They include:

* Snow cover is decreasing in the Australian Alps and increasing in other areas due to a rise in temperature. Strangely warmer temperature brings more moisture into the air bringing more snowfall in areas that were previously very cold with low snowfall.

* Frozen ground in northern hemisphere like Siberia – the so-called permafrost is now thawing. As it does so, it’s releasing greenhouse gases from the soil underneath.

* Mountain glaciers are shrinking. The European Alps have halved in size since 1850. The loss of glaciers and the resulting flow of melt water in the Andes and the Himalayan region means less water for the people who live along the river. Most of India’s and China’s major rivers flow from the Himalayan glaciers providing water to more than two billion people.

* The melting ice cap at the North Pole is shrinking the habitat of seals, walruses and polar bears. This ice reflects the sunlight back into space. No ice means no reflection – the ocean melting more ice absorbs more heat.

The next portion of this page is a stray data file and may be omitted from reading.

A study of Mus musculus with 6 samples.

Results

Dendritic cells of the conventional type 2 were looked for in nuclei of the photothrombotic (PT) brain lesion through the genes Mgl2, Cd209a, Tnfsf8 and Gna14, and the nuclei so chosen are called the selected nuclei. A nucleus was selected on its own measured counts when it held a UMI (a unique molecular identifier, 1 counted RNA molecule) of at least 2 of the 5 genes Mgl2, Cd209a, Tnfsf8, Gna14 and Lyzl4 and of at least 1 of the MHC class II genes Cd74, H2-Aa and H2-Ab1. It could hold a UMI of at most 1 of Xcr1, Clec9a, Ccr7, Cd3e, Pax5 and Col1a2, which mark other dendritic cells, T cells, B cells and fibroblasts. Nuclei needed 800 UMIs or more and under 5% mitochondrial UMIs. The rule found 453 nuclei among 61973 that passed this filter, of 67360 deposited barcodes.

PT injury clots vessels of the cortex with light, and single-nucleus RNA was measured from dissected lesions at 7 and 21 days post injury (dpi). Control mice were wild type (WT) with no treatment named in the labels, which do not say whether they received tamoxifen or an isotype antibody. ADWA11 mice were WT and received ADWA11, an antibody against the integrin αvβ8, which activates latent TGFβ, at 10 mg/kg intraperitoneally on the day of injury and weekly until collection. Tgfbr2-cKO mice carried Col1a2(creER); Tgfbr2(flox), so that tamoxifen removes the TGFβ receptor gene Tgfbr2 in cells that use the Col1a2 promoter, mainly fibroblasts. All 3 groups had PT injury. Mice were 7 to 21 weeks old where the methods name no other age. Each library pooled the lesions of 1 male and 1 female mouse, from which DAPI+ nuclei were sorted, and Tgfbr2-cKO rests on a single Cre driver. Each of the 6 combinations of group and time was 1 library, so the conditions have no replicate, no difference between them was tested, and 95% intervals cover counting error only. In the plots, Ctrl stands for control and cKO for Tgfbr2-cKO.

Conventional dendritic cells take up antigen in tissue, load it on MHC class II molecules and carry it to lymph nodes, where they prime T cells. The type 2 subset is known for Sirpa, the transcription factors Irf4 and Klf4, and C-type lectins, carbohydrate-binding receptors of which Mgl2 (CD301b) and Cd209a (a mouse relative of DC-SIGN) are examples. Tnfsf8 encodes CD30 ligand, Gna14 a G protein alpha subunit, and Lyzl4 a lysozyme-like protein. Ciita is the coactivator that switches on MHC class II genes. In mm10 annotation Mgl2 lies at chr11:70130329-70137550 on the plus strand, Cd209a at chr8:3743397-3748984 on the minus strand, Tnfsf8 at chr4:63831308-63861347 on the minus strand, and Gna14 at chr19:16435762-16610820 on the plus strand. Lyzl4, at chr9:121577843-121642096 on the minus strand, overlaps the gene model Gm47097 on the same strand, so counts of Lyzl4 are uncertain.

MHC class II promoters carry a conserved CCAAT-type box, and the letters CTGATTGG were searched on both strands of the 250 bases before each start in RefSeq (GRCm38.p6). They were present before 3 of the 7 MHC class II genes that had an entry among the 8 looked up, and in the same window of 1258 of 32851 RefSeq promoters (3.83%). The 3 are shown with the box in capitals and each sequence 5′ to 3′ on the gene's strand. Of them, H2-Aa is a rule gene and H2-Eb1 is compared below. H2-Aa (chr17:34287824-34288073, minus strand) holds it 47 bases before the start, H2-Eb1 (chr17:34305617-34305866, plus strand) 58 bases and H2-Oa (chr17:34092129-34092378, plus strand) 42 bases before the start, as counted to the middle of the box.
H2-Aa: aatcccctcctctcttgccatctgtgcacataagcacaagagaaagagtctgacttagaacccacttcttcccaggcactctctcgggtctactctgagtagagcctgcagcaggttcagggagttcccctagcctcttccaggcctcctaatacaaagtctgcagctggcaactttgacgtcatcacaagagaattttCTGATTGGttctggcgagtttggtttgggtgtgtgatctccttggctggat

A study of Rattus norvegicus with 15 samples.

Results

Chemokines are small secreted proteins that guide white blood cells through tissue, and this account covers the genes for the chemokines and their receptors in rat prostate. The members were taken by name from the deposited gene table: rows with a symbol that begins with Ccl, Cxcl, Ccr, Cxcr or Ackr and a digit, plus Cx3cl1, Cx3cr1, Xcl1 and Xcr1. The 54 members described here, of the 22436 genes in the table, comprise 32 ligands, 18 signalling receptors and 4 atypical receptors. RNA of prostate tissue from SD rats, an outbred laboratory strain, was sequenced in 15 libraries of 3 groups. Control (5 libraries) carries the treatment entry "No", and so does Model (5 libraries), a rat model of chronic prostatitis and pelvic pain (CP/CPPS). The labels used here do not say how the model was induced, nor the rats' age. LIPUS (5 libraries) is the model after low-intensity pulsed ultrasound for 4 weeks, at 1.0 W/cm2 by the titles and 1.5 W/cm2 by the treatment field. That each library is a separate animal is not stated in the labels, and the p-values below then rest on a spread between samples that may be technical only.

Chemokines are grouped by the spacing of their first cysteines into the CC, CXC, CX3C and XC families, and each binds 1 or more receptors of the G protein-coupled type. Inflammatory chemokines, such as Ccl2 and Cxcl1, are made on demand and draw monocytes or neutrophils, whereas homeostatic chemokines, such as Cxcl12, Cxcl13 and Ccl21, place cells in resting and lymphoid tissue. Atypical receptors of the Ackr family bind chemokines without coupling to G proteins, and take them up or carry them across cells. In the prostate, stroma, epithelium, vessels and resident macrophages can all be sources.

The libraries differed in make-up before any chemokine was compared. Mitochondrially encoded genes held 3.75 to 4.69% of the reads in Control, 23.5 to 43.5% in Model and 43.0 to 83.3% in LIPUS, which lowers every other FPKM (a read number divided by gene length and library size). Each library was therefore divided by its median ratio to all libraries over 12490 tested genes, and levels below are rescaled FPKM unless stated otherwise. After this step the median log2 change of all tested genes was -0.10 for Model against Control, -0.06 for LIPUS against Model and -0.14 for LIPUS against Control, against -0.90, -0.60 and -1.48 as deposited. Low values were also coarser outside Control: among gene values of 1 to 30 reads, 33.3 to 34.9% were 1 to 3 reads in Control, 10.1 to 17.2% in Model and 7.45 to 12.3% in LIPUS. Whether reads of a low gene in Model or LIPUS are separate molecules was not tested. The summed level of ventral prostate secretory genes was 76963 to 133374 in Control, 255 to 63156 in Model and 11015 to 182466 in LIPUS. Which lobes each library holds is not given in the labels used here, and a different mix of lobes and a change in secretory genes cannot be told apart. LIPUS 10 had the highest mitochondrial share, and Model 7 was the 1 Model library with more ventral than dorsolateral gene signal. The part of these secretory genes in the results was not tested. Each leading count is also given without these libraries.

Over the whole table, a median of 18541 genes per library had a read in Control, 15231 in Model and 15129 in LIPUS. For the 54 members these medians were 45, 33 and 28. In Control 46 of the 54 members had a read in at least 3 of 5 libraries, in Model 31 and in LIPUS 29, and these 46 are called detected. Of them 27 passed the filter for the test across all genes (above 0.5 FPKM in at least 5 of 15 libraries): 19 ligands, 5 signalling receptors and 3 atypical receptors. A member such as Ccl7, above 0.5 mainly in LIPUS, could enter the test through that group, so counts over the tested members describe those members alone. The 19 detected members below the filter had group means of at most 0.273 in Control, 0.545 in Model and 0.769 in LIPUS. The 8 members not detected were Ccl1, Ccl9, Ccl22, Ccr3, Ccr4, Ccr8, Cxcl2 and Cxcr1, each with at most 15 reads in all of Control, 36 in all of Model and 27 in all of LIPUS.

* Greenland and Antarctica are both shedding ice, adding to sea level rises.

* Drought has increased in number and frequency. The Murray Darling system is being loved to death and is slowly dying as governments, irrigators and those who care for our future generations are unable to agree on a course of action to save the river.

* Sea levels are currently rising by 3mm per year. It is estimated that there will be more than 200 million climate refugees due to rising sea levels by 2100.

* We are also experiencing heavier rainfall, drier droughts and more destructive winds.

* As oceans soak up more and more Carbon (around 25%) they become more acidic. This makes it harder for creatures that make shells to make them.

Watch the news and tick off the extraordinary or seasonally unusual weather events – the hottest night, the wettest summer, the mildest winter, once in 100 years…

The hottest 10 years since measurements began have been the last 10 years. Each decade since 1950 has been hotter than the last.

What will happen next? No one really knows.